While the DePuy ASR metal-on-metal hip recall has been playing out amid lawsuits and federal probes, another battle has been playing out on another, quieter front – the pages of the British Medical Journal.
The Johnson & Johnson (NYSE:JNJ) orthopedics subsidiary fired back against a study published in February alleging that metal-on-metal implants may have exposed patients to toxic substances, calling the study "unnecessarily alarmist and in a number of instances factually incorrect."
The February study, which concluded that "hundreds of thousands of patients around the world may have been exposed to toxic substances after being implanted with poorly regulated and potentially dangerous hip devices," has spurred a spirited back-and-forth, in print, between a pair of DePuy spokesmen and the study’s main author.
DePuy has been the subject of class action and multi-district lawsuits, public outcry and FDA scrutiny since the company launched a recall of a pair of MoM hip implants in August 2010.
The BMJ study, led by Deborah Cohen, accused MoM hip makers, including Zimmer (NYSE:ZMH) and Smith & Nephew (FTSE:SN, NYSE:SNN), of knowingly manufacturing implants prone to erosion that could release particles of their chromium-cobalt alloy as the metal parts wear against each other, causing tissue and bone death and possibly exposing patients to the risk of developing cancer or even altering their DNA.
"Despite the fact that these risks have been known and well-documented for decades, patients have been kept in the dark about their participation in what has effectively been a large, uncontrolled experiment," according to Cohen.
DePuy spokesmen Graham Isaac and Simon Sinclair rebuffed the notion that DePuy had concealed MoM erosion risks – an allegation Cohen denied making – writing in a response posted mid-April that "contrary to the suggestion in the article, the potential for reactions to wear debris from metal-on-metal hip implants has been known and studied for over 2 decades, and the reported incidence of such adverse reactions is very low."
"It has long been known that patients with metal-on-metal hip implants – and also occasionally hip implants with other bearing surfaces – have ‘raised levels of ions,’" they added. "Data for prior generations of metal implants did not indicate clinical problems from these releases in well-functioning implants, some of which had been in place more than 15 years."
The DePuy PR reps further noted that the FDA has yet to establish what levels of ions would pose a danger to patients, citing insufficient evidence to make a determination.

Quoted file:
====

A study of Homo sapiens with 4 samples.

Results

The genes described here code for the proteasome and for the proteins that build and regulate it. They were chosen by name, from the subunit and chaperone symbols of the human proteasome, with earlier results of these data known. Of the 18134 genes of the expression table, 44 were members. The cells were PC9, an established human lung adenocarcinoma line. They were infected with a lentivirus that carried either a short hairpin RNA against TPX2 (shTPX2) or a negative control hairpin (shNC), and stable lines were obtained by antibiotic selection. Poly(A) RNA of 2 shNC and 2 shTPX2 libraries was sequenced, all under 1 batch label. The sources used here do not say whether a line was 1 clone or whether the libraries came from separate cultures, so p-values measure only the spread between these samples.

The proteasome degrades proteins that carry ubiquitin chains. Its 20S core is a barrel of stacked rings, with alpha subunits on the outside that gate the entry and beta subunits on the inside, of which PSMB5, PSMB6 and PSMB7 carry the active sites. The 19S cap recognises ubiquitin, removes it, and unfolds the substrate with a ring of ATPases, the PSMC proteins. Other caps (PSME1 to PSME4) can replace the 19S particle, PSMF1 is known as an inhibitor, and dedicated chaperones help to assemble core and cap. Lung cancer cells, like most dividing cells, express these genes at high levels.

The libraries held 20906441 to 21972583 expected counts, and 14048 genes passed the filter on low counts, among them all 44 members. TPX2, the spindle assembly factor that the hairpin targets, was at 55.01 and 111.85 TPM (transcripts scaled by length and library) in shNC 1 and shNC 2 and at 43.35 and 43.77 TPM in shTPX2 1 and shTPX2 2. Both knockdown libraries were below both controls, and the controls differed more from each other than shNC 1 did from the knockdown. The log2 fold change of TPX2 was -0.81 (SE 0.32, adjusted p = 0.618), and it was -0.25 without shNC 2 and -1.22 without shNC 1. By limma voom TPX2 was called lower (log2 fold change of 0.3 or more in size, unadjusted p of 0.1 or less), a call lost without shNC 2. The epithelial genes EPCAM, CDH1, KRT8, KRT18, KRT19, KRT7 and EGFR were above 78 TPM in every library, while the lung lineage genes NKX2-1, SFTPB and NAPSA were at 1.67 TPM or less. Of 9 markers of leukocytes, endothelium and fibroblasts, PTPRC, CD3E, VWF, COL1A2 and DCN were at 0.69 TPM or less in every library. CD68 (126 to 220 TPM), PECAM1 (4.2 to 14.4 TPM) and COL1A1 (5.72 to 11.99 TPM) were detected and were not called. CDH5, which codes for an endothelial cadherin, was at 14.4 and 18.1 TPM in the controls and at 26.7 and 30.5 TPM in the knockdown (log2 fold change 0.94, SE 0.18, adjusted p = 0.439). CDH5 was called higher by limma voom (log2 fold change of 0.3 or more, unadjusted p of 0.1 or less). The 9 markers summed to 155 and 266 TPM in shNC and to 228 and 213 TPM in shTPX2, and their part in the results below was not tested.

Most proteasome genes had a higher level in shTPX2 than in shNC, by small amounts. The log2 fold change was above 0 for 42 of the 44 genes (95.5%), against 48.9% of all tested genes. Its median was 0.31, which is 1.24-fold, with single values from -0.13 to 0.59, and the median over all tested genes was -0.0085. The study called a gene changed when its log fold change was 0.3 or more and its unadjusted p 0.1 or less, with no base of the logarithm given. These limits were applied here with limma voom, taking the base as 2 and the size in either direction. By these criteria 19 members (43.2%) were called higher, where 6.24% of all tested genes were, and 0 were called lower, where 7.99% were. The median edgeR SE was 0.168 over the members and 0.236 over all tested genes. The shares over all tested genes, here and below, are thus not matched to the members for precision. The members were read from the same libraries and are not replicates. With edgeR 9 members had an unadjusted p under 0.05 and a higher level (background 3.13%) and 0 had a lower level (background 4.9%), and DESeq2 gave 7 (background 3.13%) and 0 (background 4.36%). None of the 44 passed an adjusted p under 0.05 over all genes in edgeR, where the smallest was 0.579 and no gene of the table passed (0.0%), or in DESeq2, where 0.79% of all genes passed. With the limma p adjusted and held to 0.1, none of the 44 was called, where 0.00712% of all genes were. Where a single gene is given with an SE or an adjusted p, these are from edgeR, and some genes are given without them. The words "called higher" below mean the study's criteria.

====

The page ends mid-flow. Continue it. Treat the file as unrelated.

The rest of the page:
Device makers, they said, began pursuing MoM devices after the previous generation, made of polyethylene, was found to release damaging debris in patients’ bloodstreams. The polyethylene themselves were a response to the problems that arose from early failures in the 1st generations of MoM implants, "largely attributed to limitations in the manufacturing process."
Cohen shot back early this month, stating that DePuy’s report "sidesteps the substantive concerns described in the BMJ feature."
"We do think it is necessarily alarming rather than ‘unnecessarily alarmist’ that design changes to implants that were already known to release potentially toxic metal ions passed through the regulators without any need for clinical studies," she added.
Cohen’s main beef appears to be with regulatory systems that allowed the devices, which featured certain design and material changes from prior models, to hit the market without new clinical studies despite the knowledge that they may release toxic compounds into patients’ bodies.
"Given this, one would have thought DePuy would carefully follow up a cohort of patients once the implant was on the market measuring ion data and monitoring both local and systemic effects," she wrote.
She went on to question DePuy’s relationships with its researchers, writing that "internal DePuy documents obtained by the BMJ suggest investigators were discouraged from publishing ion data," and that 2 of the 3 authors involved in a company study cited in DePuy arguments were paid large sums of money for their work.
"Is it any wonder the regulators have little evidence to draw upon to make their decisions about the effects of metal ions?" she asked. "Despite the metal-on-metal Pinnacle having been implanted into between 300,000-500,000 people worldwide, there are only data for metal ions in under 150 patients with this prosthesis in the literature to date."
"All in all, we feel that this article was not ‘unnecessarily alarmist,’ but it provided a necessarily alarming portrait of the state of medical device regulation today," Cohen concluded.
DePuy filed a formal response today further highlighting the "factual errors and omissions in Deborah Cohen’s article" and reiterating some of the company’s arguments.
DePuy did not reply to requests for comment.